Bill Chappell

Bill Chappell is a blogger and producer who currently works on The Two Way, NPR's flagship blog. In the past, he has coordinated digital features for Morning Edition and Fresh Air, and edited the rundown of All Things Considered. He frequently contributes to other NPR blogs, such as All Tech Considered and The Salt.

Chappell's work at NPR has ranged from being the site's first full-time homepage editor to being the lead writer and editor on the London 2012 Olympics blog, The Torch. His assignments have included being the lead web producer for NPR's trip to Asia's Grand Trunk Road, as well as establishing the Peabody Award-winning StoryCorps on

In 2009, Chappell was a key editorial member of the small team that redesigned NPR's web site. One year later, the site won its first Peabody Award, along with the National Press Foundation's Excellence in Online Journalism award.

At NPR, Chappell has trained both digital and radio staff to use digital tools to tell compelling stories, in addition to "evangelizing" — promoting more collaboration between legacy and digital departments.

Prior to joining NPR in late 2003, Chappell worked on the Assignment Desk at CNN International, handling coverage in areas from the Middle East, Asia, Africa, Europe, and Latin America, and coordinating CNN's pool coverage out of Qatar during the Iraq war.

Chappell's work for CNN also included producing Web stories and editing digital video for, and editing and producing stories for's features division.

Before joining CNN, Chappell wrote about movies, restaurants and music for alternative weeklies, in addition to his first job: editing the police blotter.

A holder of bachelor's degrees in English and History from the University of Georgia, he attended graduate school for English Literature at the University of South Carolina.

Taxi drivers in France formed virtual blockades around airports and key train stations Thursday, causing chaos in Paris and other French cities as part of a wide protest against the Uber ride-booking service, known in France as UberPOP.

Government and transportation officials urged travelers to take trains to many airports, as the roads around them were completely blocked.

As a region, the Americas fare quite well in Gallup's new global index of personal well-being, but the U.S. fell from No. 12 to No. 23 worldwide. The top 10 includes Costa Rica, Belize, and Mexico.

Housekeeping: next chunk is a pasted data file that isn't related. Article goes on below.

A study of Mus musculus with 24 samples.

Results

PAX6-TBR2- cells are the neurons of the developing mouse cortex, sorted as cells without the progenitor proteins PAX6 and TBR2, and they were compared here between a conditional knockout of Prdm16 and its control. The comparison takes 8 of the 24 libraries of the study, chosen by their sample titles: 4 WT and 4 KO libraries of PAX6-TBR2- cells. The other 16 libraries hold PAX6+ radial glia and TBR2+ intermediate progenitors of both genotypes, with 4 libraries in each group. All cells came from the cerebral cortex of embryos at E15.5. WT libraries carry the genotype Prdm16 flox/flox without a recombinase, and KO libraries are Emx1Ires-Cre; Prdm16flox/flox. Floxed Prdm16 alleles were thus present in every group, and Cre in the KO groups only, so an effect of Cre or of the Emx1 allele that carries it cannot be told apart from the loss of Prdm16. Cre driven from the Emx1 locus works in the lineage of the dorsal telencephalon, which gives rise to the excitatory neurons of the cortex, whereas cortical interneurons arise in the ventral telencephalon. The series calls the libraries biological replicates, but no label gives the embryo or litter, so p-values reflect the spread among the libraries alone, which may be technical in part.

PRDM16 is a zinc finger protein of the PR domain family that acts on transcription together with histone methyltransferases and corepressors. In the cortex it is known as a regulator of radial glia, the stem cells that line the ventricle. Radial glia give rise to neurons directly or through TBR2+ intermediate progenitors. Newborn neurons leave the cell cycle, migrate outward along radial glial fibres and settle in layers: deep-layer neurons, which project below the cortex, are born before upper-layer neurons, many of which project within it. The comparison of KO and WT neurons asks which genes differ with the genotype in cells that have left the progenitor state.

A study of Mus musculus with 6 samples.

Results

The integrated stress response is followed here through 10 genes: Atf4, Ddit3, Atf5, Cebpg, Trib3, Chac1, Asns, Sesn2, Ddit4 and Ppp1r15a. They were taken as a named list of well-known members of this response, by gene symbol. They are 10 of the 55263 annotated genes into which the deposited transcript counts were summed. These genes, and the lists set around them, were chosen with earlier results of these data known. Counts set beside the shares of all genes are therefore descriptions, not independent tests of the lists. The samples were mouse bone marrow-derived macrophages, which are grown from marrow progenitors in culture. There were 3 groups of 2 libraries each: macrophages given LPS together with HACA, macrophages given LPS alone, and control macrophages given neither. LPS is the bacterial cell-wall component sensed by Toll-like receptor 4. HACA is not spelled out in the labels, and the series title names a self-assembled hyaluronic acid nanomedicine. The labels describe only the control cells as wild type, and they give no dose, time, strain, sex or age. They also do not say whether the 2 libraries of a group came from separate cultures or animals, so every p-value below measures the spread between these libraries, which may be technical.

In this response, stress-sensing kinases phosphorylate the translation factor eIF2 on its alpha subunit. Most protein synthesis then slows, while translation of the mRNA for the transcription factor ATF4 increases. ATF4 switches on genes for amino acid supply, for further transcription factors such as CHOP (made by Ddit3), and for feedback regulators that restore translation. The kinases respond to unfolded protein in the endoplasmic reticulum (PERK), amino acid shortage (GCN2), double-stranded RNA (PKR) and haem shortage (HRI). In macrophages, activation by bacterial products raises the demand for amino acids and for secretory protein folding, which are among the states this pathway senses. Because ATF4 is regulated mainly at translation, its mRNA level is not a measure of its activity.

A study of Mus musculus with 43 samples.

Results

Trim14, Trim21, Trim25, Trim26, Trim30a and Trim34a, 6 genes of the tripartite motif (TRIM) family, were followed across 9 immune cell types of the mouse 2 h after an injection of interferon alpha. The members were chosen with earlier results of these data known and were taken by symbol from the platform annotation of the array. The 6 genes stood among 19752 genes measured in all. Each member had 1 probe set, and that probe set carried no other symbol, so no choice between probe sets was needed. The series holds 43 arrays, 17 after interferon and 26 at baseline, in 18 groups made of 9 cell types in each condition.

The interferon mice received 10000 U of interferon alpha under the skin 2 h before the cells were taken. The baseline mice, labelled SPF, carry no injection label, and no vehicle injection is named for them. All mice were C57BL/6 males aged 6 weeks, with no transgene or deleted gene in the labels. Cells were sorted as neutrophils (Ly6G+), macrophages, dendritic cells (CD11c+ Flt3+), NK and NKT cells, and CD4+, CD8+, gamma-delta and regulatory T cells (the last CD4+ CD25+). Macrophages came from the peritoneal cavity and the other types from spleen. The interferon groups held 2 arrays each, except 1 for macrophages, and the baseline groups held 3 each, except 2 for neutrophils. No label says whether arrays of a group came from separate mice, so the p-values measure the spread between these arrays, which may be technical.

Panama took the top spot for the second straight year in the Gallup-Healthways Country Well-Being report, with Costa Rica second. Switzerland was the top European country, in fourth. At No. 23, the U.S. is one spot behind Israel and one ahead of Canada.

Better communication with the families of kidnapped Americans — and a pledge that those relatives won't face criminal charges if they pay ransoms — are at the heart of an update to the U.S. federal hostage policy, released Wednesday.

It could have been a routine out in foul territory. Instead, a pop-up at a Chicago Cubs game was caught by a dad who was also holding a baby — and the crowd went wild. It didn't hurt that the fan momentarily robbed the visiting Los Angeles Dodgers of an out.

The play was eventually ruled to be fan interference, as Cubs fan Keith Hartley was found to have reached over into the field to nab the ball before it could land in the glove of the Dodgers' first baseman, Adrian Gonzalez.

Updated at 12:45 p.m. ET

The death of Baltimore man Freddie Gray was the result of a "high-energy injury" to his spine and was ruled a homicide due to "acts of omission" by police, according to The Baltimore Sun. The newspaper cites a copy of the unreleased autopsy report from the state medical examiner's office.

China's customs agents have seized thousands of tons of frozen chicken wings, beef and pork that were smuggled by gangs. Weighing more than 100,000 tons, the meat has an estimated value of more than $480 million — but it also poses serious health risks, officials said.

The U.S. ambassador to France has been summoned to the French Foreign Ministry to answer new claims that the NSA monitored the communications of three sitting French presidents and their top staff.

Those said to be targeted include President Francois Hollande, who is holding an emergency meeting today with top French lawmakers.

From Paris, NPR's Eleanor Beardsley reports:

In what Major League Baseball says is a first, French baseball player Melissa Mayeux has had her name added to the list of international prospects who could be signed by clubs on July 2.

At age 16, Mayeux plays shortstop for two of France's national teams: the U-18 junior squad and the senior softball team. She's known as a smooth fielder who can also handle a bat.

The Solar Impulse, an aircraft that generates power solely from the sun's energy, is set to embark on the longest leg of its planned round-the-world journey: a trip of some 115 hours between Nagoya, Japan, and Hawaii. But weather concerns have forced another delay.

The Solar Impulse 2 had initially been slated to take off from Japan around 1:30 p.m. ET.

New images of Ceres are the clearest ever taken, but NASA's scientists still haven't figured out the enigmatic dwarf planet. The agency's latest photos of Ceres show multiple bright spots — and a "pyramid-shaped peak towering over a relatively flat landscape."

That's according to an update posted by the space agency, saying that Ceres and its bright spots "continue to mystify."